On the surface, large-scale contract farming programmes appear to represent a powerful means of reducing poverty. But to maximise the opportunity, commercial organisations, donors and farmers across Africa need to cooperate, leveraging innovation solutions to maximise advantage for all.
Get it right, and there is no doubt of the huge potential for positive change and commercial opportunity that such innovation presents. Possible benefits extend far beyond smallholders themselves to embrace R&D organisations, solution developers, marketers and ultimately consumers.
And the potential for upside is enormous. This was the message from TechnoServe CEO Will Warshauer at the ‘Win-Win Innovations in Smallholder Sourcing’ AGRF session. There are an estimated 35 million smallholder farmers on contract earning schemes, so efforts to find win-win solutions while benefiting smallholders more than any previous contracts mean there is clearly a significant benefit to be had.
But we are not there yet. According to Ms Nupur Parikh, Director of TechnoServe, despite that massive underlying potential, there is currently very little coordination within the industry around cooperation and best practices.
Far more could be done. “There is little knowledge sharing between companies, not even when they are not direct competitors,” she said. “As a result, companies are not always aware of the new approaches or best practices being developed elsewhere.”
In 2015, TechnoServe decided that it was time to address this situation head-on, with the launch of a platform called ‘Coalition for Smallholder Sourcing’. Dedicated to supporting
innovations and identifying win-win solutions in smallholder sourcing, this has had some success. As Ms Parikh explained, over the past three years the coalition has supported three private companies in testing six innovations with the potential to develop shared value.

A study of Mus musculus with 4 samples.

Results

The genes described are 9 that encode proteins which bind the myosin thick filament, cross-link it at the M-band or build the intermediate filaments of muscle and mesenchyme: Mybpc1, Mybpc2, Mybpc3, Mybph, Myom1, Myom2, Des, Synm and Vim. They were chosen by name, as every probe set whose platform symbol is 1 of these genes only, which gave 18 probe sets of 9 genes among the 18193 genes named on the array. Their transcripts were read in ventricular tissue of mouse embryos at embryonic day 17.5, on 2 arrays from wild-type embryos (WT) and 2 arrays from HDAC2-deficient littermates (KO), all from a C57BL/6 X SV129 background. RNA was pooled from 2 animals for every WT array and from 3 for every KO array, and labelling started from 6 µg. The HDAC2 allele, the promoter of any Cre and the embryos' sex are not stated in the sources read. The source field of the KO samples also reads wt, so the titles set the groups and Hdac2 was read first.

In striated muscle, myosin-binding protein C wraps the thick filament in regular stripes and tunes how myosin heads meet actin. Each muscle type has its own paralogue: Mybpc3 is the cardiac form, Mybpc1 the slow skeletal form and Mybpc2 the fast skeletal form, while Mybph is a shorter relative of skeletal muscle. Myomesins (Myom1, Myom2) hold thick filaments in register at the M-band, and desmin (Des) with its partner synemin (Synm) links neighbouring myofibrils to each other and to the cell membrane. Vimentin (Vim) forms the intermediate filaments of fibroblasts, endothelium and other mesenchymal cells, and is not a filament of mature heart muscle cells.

Fellow panellist Francisco Santos, CEO of JFS Mozambique, explained that his organisation is working with between 4,000 and 5,000 partners, helping them to develop value chains with multiple beneficiaries. Its aim is to help companies consider more than traditional training alone. As he said, “Our strategy has three main pillars, enabling access to market, access to energy and access to partnership services.”
However, as he pointed out, it is not always possible to ensure that farmers take advantage of the right available technology. As he said, “This is not an economic issue – it’s to do with sociology.”
He also admitted that one major unspoken challenge is Mozambique, where there is a huge population without identity cards. This means they cannot acquire SIM cards, so the only way to test innovations is by bypassing the systems, making regulation an issue. In addition, the Central Bank does not allow people to open bank accounts without ID cards, impeding financial success.
Paul Wang, Partner at IDinsight, highlighted the positive role that technology can have to play. He explained how using his Customer Supplier Relationship Management System innovation to send reminders to farmers via mobile phones enables them to achieve better yields. As a result, this additionally improves farmer satisfaction and loyalty.
And that could be called a win-win situation.